JC24: Dating volcanoes on the Mid-Atlantic Ridge


Cruise diary

Monday 23 June 2008

Today we have been on route to Southampton and the science team have been busy preparing their various sections for the cruise report. The cruise report is a document produced at the end of every cruise as a summary of what the cruise objectives were, what was done, what data was gathered and where it is. Most of the science team are responsible for a chapter, focusing on what they were responsible for during the cruise.

Just because we’re heading home doesn’t mean the science has finished, in fact far from it. Once back on land all the science team will begin working on the various bits of data we have collected. Today Peter van Calsteren, from the Open University tells us about what he’ll be doing on his return.


Peter writes:
Many elements such as oxygen (chemical symbol O) and carbon (C) have more than one isotope and these differ in the number of neutrons in the nucleus, 12C has 6 protons and 6 neutrons, 13C has 6 protons and 7 neutrons. Isotopes that have too many neutrons to fit in their nucleus, such as 14C with 8 neutrons, are radioactive.  Uranium, (U) has three naturally occurring radioactive isotopes: 238U, 235U and 234U. Radioactive isotopes transform, or decay at a constant rate and the time that it takes for half the isotopes to decay is the half-life. The half-life is specific for each isotope, billions of years for 238U and 244,500 year for 234U. In the uranium decay series (U-series, for short) daughter isotopes are radioactive themselves and decay ultimately to stable lead (Pb). 

The half-life of some isotopes in the U-series is similar to the time-scales of some of the magma evolution processes that affect the basalts that form the ocean floor. The magma evolution processes that generate ocean floor basalt are 1) mantle melting 2) melt or magma transport from >70 km deep in the Earth’s mantle, 3) further melting at lower depth 4) magma fractionation in the crust under the mid-ocean ridge, possibly in magma chambers, 5) eruption on the floor of the mid-ocean ridge. The half-life time-scales are probably also similar to the life-span of the AVR that we are studying in the Atlantic Ocean at 45°N.

U-series daughters, such as thorium, (Th) protactinium (Pa) and radium (Ra) and many others, are mostly different elements with different geochemical character and they can be separated, or fractionated, from each other in the magma evolution processes. Fractionation processes are sometimes not very efficient because for instance, U and Th are very similar geochemically and the ratio U/Th changes only a few percent and only during the early stages of the melting process, deep in the mantle. Other daughters decay too quickly to be useful geologically. However, over time, a secular equilibrium is reached when all daughters decay at the same rate as they are formed. In secular equilibrium the concentration of daughters is proportional to their decay rate. This means that in secular equilibrium the concentration of an element with a short half-life such as 210Bi is very small, and for instance ratio of the 234U daughter to the 238U parent is the same ratio as their half-lifes, or 234U/238U=0.000054 and thus a known  value.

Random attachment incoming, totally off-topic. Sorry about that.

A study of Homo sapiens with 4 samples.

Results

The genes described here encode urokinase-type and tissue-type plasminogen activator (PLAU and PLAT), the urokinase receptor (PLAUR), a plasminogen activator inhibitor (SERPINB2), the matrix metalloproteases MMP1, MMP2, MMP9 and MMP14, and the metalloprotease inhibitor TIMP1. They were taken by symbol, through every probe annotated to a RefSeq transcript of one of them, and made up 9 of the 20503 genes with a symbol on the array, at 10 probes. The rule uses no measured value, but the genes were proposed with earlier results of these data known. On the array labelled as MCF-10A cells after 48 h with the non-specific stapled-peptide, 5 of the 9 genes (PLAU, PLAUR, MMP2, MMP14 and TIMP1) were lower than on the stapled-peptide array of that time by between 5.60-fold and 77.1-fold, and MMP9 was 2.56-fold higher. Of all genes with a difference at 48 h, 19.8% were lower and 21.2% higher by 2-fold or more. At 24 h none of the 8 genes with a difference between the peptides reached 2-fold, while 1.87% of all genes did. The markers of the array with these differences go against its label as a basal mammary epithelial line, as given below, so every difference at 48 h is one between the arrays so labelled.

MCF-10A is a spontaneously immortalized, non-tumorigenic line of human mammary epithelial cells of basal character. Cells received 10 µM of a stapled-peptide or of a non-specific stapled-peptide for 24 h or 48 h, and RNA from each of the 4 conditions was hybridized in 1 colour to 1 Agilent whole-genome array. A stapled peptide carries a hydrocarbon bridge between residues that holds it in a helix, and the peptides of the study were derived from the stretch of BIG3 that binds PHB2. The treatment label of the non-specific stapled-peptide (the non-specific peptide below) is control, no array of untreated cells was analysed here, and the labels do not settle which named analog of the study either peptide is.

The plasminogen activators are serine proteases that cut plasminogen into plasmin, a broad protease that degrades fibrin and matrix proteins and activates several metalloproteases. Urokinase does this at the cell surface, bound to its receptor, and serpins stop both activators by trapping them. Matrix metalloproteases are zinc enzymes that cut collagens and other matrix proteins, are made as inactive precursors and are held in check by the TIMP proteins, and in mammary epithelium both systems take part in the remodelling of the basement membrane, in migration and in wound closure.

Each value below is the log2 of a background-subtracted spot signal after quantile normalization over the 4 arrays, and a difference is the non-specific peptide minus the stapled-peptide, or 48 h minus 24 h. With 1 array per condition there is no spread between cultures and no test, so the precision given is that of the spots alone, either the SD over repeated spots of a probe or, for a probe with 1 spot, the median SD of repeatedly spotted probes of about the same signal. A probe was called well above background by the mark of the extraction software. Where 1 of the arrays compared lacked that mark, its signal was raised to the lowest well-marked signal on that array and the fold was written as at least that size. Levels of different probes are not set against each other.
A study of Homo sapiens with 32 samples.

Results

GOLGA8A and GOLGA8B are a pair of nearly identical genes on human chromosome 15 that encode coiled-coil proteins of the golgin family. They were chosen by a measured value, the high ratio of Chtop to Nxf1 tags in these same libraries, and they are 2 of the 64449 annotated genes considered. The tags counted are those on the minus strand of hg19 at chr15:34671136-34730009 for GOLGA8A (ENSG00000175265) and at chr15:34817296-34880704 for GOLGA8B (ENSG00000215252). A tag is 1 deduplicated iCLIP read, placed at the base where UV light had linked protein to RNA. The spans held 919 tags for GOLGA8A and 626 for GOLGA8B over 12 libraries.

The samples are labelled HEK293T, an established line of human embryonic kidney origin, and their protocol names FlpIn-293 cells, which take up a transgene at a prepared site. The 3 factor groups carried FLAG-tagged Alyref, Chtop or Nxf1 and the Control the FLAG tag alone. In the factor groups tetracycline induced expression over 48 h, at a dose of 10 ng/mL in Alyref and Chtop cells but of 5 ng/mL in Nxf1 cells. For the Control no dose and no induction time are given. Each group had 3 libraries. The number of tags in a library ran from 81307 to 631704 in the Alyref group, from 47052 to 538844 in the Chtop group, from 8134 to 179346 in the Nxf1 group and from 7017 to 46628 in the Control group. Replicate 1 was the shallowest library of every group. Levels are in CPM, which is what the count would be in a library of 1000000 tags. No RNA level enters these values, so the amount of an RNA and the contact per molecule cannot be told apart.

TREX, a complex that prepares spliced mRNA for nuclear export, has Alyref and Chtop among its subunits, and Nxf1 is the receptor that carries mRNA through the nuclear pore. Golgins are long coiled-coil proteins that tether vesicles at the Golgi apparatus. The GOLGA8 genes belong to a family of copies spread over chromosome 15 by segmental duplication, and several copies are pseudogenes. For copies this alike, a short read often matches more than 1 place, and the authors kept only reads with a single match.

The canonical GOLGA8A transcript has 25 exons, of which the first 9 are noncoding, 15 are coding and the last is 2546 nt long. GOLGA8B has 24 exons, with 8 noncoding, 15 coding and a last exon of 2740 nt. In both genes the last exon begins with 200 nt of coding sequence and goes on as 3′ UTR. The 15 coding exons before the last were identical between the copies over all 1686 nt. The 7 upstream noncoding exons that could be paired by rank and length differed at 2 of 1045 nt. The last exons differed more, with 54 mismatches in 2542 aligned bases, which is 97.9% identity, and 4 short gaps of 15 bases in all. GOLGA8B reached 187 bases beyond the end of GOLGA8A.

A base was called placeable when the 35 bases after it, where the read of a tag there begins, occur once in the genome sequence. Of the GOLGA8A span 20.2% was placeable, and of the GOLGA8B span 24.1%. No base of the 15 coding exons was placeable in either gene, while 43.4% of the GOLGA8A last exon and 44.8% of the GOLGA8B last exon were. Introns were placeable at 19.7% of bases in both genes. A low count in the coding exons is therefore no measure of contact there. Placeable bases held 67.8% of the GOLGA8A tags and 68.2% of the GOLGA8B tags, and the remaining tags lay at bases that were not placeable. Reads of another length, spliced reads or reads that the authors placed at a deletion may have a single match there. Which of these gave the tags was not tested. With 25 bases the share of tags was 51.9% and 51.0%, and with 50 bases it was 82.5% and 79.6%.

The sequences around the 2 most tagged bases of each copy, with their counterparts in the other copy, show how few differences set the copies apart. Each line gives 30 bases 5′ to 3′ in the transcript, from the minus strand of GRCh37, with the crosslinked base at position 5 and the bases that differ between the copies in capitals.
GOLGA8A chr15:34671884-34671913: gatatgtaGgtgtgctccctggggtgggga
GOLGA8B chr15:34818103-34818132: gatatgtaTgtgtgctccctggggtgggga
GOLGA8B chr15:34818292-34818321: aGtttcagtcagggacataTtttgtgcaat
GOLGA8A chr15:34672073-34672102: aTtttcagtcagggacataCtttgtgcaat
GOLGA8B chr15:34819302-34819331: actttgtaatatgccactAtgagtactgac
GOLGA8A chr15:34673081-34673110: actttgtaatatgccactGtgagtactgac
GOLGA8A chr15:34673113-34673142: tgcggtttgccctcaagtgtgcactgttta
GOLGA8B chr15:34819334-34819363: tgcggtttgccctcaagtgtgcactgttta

Isotope ratios such as 234U/238U and 230Th/234U can be measured by mass spectrometry to very high precision and accuracy. The very low concentrations of isotopes with very short half-lifes are best measured with alpha or gamma spectrometry.

The best use of U and Th isotope ratio measurements is in calculating melt generation rates deep in the mantle. As an illustration, and assuming that melting takes place in the presence of garnet between 70 and 60 km deep and at a mantle upwelling rate of 1cm/y, a melt rate of the order of 100mg /m3/year would fit with data that we have for ocean island basalts. 100mg is as much as a few grains of sugar when a teaspoon full is about 5 gram.

During magma chamber processes, new minerals such as feldspar, crystallise and grow. 226Ra, the 230Th daughter is incorporated in feldspar crystals and extracted from the melt. This fractionation process means that both the feldspar and the melt are in U-series disequilibrium and the age of the feldspar can be calculated from 226Ra disequilibrium.

One thing that all isotope dating protocols have in common is that the age that can be calculated is between the measurement, that is now, and the moment that the fractionation process came to a halt, such as when the feldspar crystal stopped growing. However, the feldspar may have stopped growing for a number of reasons. It could be that the magma cooled down in the chamber, or that the lava erupted. In any case, a geological understanding of why the fractionation process stopped is essential for the correct interpretation of the calculated age.

In the case of U-series dating there is an upper limit to the time that can be calculated and that is the time it takes to reach secular equilibrium again. This is usually taken as five times the half-life of an isotope. This means that it is safe to say, as a first approximation, that the presence of 234U/ 230Th disequilibrium means that the sample is <350,000y old, 231Pa/235U disequilibrium <150,000y and 226Ra/230Th disequilibrium <8000y old. In favourable circumstances, when the fractionation processes are well-constrained by the modeling of other trace element data, it should be possible to refine these first-order estimates.